Sydney Opera House
Friday 25th February 2005
John Bolton Wood,
This Autumn season we are again treated to a marvellous romp based on Johann Strauss's classic, set in New York, in English (of a sort). The action starts with Adele talking on her mistress's telephone in their grand high rise deco apartment.
For me the high point of the opera is the song of the 'Princess'. Ms Gordon Stewart did it fine vocal justice using farcical but somehow fitting new English verse. Just as the pseudo-French "Renard" and "Chagrin" use pig-French: 'voulez-vous coucher avec moi, ce soir?', our mock Hungarian juggled her words. She even had to correct herself, 'Budapest' for 'Bucharest' in her hitherto serious homeland 'czardas' anthem. She looked out onto (land-locked) Hungary's "rolling seas" rhyming with the walls of its "factories"! Although taking a risk playing a 'Sutherland' role in Sydney, this soprano was equal to the challenge, singing with charm, elan and power. She even hit a sustained high last note, rather than scooping (or omitting) it.
Ex-pat Russian millionaire (?Putin refugee) Orlovsky then announces "Ginger Rogers and Fred Astair" will dance to Irving Berlin's tune 'Cheek to cheek'. So too did the accomplished opera chorus, again showing their versatility and professionalism, dancing on to the Blue Danube Waltz. The champagne is followed by a nasty hangover which occurs in 37th precinct lock-up with the night duty sergeant typewriting his new novella. The clever English 'translation' by Pountney and Hancock, suitably supplemented with topical people and events made for a hilarious continuo. Mr Bolton Wood as Frank could not have been more amusing while Jonathan Biggins (NYPD) deserved an accolade for his clever 'graveyard shift' scene in the Precinct. Farrugia twice took the stage to impress as a budding 'airctress'. Both her laughing song and third act 'audition' were brilliantly acted and sung. Brunsdon played a fine Alfredo, adding yet another accent. As implied in the libretto he plays an imperfect 'can belto' tenor who lets us know. Angus Wood again justified his decision to move from baritone to tenor register.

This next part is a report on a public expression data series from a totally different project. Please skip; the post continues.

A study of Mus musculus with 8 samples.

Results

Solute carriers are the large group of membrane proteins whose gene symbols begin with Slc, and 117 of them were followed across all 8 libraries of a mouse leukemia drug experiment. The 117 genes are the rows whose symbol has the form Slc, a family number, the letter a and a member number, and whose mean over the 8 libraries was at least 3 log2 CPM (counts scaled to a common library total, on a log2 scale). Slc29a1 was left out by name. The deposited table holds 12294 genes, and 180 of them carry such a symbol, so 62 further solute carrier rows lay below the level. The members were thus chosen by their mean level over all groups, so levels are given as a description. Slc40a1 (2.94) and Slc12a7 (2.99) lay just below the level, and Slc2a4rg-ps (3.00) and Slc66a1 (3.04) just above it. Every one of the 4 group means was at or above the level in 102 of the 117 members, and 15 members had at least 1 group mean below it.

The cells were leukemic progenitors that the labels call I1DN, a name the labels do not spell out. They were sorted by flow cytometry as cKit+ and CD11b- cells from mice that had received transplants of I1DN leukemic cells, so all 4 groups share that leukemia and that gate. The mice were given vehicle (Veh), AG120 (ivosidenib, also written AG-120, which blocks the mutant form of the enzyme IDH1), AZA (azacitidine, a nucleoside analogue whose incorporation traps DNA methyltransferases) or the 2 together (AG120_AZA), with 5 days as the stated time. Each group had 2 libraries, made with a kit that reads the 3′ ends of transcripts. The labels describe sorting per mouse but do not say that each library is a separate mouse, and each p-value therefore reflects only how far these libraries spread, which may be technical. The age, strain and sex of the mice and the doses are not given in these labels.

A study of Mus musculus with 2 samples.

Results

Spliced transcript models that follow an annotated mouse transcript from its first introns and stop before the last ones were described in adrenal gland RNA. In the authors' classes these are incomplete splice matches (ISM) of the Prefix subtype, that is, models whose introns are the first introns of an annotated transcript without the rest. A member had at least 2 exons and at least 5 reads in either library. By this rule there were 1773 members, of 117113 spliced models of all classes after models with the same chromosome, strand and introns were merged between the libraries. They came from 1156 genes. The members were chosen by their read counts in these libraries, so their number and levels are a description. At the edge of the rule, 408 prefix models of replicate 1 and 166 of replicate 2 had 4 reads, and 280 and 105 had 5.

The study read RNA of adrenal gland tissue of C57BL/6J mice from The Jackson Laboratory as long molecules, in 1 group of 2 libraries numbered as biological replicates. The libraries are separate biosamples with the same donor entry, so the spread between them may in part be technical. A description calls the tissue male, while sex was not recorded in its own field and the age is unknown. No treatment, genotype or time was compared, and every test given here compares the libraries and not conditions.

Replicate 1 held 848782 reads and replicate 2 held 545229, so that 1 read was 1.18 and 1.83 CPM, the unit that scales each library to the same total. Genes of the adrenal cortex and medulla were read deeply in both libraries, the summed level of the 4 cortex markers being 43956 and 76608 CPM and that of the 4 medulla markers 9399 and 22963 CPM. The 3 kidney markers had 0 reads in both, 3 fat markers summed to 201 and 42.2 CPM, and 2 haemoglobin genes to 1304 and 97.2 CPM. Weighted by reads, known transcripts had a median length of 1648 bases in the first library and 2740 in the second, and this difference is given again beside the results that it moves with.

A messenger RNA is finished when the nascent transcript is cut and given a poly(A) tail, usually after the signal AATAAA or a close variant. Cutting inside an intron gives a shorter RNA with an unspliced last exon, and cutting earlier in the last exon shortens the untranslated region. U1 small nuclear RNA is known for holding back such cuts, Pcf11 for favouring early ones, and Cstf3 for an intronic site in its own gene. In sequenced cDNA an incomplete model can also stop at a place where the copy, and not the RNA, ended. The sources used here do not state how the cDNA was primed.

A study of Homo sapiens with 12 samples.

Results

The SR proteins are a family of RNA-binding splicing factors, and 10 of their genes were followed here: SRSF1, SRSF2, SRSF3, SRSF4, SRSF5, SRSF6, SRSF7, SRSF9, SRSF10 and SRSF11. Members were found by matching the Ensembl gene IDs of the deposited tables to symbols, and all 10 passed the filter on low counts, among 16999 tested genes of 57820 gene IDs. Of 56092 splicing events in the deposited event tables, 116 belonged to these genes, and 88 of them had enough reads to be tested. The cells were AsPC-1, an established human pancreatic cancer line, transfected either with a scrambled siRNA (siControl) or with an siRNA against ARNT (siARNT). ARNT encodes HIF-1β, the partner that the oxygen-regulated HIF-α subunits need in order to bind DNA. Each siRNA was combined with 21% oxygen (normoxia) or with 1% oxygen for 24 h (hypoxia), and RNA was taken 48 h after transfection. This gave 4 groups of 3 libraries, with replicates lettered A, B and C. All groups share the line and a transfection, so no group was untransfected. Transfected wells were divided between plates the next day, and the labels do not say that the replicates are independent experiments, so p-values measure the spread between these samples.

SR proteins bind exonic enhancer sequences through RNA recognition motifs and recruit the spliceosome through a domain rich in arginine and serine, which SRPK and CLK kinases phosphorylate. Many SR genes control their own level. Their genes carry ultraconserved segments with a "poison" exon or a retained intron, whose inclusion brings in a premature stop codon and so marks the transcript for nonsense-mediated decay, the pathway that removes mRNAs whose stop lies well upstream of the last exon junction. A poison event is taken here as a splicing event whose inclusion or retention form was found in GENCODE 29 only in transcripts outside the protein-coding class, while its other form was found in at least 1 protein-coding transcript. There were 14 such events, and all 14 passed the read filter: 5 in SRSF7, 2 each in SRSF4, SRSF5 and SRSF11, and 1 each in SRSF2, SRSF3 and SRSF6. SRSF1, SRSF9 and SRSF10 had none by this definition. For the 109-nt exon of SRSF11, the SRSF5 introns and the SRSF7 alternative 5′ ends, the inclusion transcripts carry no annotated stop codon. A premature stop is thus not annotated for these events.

The essence of Lindy Hume's original production has been maintained and updated in this staging by Elizabeth Hill. The orchestra seemed to be having a great time under Mr Braithwaite. They were even called upon to play the ABC news theme at one point!
Overt amplification is irritating and unnecessary in the opera house. It detracts from the most important aspect of this expensive art form, voice quality, size and projection. These singers are nearly all trained to fill opera houses and it is demeaning to them and vexing to an opera audience to hear reverberations and uneven electronic fortification of both musical and spoken parts. Feedback is fatal. Most off-putting were momentary increases in volume when singers came close to colleagues' lapel microphones. If there are some 'dead' areas in the auditorium then some subtle 'enhancement' may be appropriate but in general this should not be needed in my view. If people think that the dialogue needs enhancement I suggest they look at the titles, or the speakers should be turned off for the singing. I heard no complaints from all the dialogue in Carmen last week in this smallish theatre with relatively kind acoustics.
While I found them quite amusing, a native may have found the various local 'American' accents bewildering. In fact, Manhattan has always been replete with accents, even Australian ones!
Another exciting addition to the summer/autumn season at the Sydney Opera House.